Easter Eggs Come From Foxes, Too

By now, it’s a well-accepted fact of nature that furry bunnies lay easter eggs, but did you know foxes are responsible for a few easter eggs, too? It’s true, and there are several surprises embedded in Firefox.

Firefox Easter Eggs

An “easter egg” is a joke that developers intentionally put into software. (Think: Do a Barrel Roll, for example.)

Our Firefox dev-geniuses are no different. They create on a performance and functionality level, as well as a humorous, irreverent, and human level. So many levels! Here are five Mozilla easter eggs you can find in Firefox:

1. The Robots Come (Mostly) in Peace

How to Find: In Firefox’s awesome bar, type about:robots
Why It’s Fun: Because “Gort! Klaatu barada nikto.”

That line is a shout-out to the iconic 1951 science-fiction film “The Day the Earth Stood Still.” It means…well, nobody really knows. The phrase was never translated, but it appears in the official script as a line Patricia Neal’s character Helen must utter to keep the robot Gort from destroying the world. So we may not know what it literally means, but we know what it does. As with so many gravely spoken things.

2. The Book of Mozilla

How To Find: In Firefox’s awesome bar, type about:mozilla
Why It’s Fun: Because it reveals an apocalyptic quotation from the fictional Book of Mozilla.

And who doesn’t like apocalyptic fiction? The Book of Mozilla actually contains several cryptic verses included by developers of Firefox browsers from years past. Most refer to a time when our precursor, Netscape, revolutionized the software industry by being first to go fully “open” against Microsoft IE’s closed monopoly. Netscape used source code known as “Mozilla” and had a fire-breathing dragon mascot. This blend of revolution and revelation eventually led to more formal statements of our mission, like the Mozilla Manifesto.

3. Thanks, Everyone

How To Find: In Firefox’s awesome bar, type about:credits
Why It’s Fun: Because it shows a scrolling list of volunteer developers over the years who’ve made Firefox possible.

The first-ever easter egg appeared in the Atari 2600 game “Adventure.” Developer Warren Robinett gave a secret in-game credit to himself, which ran against the policy of Atari management at the time, because they didn’t want anyone knowing who the developers were.

Our easter egg gives credit to every developer we know of who have “made a significant investment of time, with useful results, into Mozilla project-governed activities.” With over 17,000 volunteers today, we’ve always been, and always plan to be, a volunteer-led non-profit software company. If you’ve contributed to Firefox, or want to contribute, click here. Many great developers took that first step, too. And we’re grateful to all of them!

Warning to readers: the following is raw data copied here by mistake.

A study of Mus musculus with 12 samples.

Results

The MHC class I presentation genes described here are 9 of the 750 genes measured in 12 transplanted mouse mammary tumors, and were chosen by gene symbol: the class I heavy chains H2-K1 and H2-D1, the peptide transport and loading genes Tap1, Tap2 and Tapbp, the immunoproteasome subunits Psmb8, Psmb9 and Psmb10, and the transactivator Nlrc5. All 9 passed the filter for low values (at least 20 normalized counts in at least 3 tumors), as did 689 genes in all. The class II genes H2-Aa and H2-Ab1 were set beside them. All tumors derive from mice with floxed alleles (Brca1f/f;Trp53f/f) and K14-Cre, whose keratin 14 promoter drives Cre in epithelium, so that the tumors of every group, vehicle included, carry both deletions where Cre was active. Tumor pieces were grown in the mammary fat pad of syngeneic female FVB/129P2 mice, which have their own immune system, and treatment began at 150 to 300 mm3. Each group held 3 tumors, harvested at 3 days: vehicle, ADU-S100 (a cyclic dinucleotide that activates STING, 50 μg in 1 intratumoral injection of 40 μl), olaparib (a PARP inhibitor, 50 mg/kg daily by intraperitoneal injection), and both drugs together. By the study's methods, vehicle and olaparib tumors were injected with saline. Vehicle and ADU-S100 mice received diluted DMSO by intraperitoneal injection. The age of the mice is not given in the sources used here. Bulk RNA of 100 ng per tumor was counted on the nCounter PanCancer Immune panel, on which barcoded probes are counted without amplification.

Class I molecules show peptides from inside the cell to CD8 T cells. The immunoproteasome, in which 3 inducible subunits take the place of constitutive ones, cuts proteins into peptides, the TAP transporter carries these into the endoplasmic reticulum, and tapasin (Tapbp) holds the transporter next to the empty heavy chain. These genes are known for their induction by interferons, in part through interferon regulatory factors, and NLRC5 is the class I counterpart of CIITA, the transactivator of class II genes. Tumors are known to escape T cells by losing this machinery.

4. Run an Instance of Firefox-in-Firefox in Firefox!

How To Find: In Firefox’s awesome bar, type chrome://browser/content/browser.xul
Why It’s Fun: Because it scares your enemies.

You know how it is when you see yourself in a mirror, and there’s another mirror behind you, and you see yourself in that mirror, too, and then it becomes an infinite loop of yous looking at yous looking at you?

Okay, this isn’t like that, but maybe if you were a browser it would be. You can open Firefox in Firefox. And again. We don’t know what this is a thing, it just is. (Actually our co-worker James says, it’s very helpful for logging into many different environments while maintaining sessions separately.)

5. Too Cool for the Toolbar

How To Find: In Firefox’s awesome bar, type about:config
Why It’s Fun: Because it tests your bravery.

Forget about the Options menu. If you want to dig down and modify Firefox’s core settings like a pro, just open the Config page directly and go nuts.

Warning, hackers: You must click-certify that you accept the risks of voiding your warranty. (After we changed all kinds of stuff, our co-worker James said, there is no warranty. And then he smirked. He’s starting to look the other direction when we walk by.)

So there they are! Five easy ways to peek behind the curtain and see the easter eggs people have put in the Firefox browser over the years. There are probably other things we’ve yet to find, but it’s hard to get a straight answer from some of our developers.

Co-worker James says the joy is in the searching, not the finding. He has more eggs in his basket than we do, though.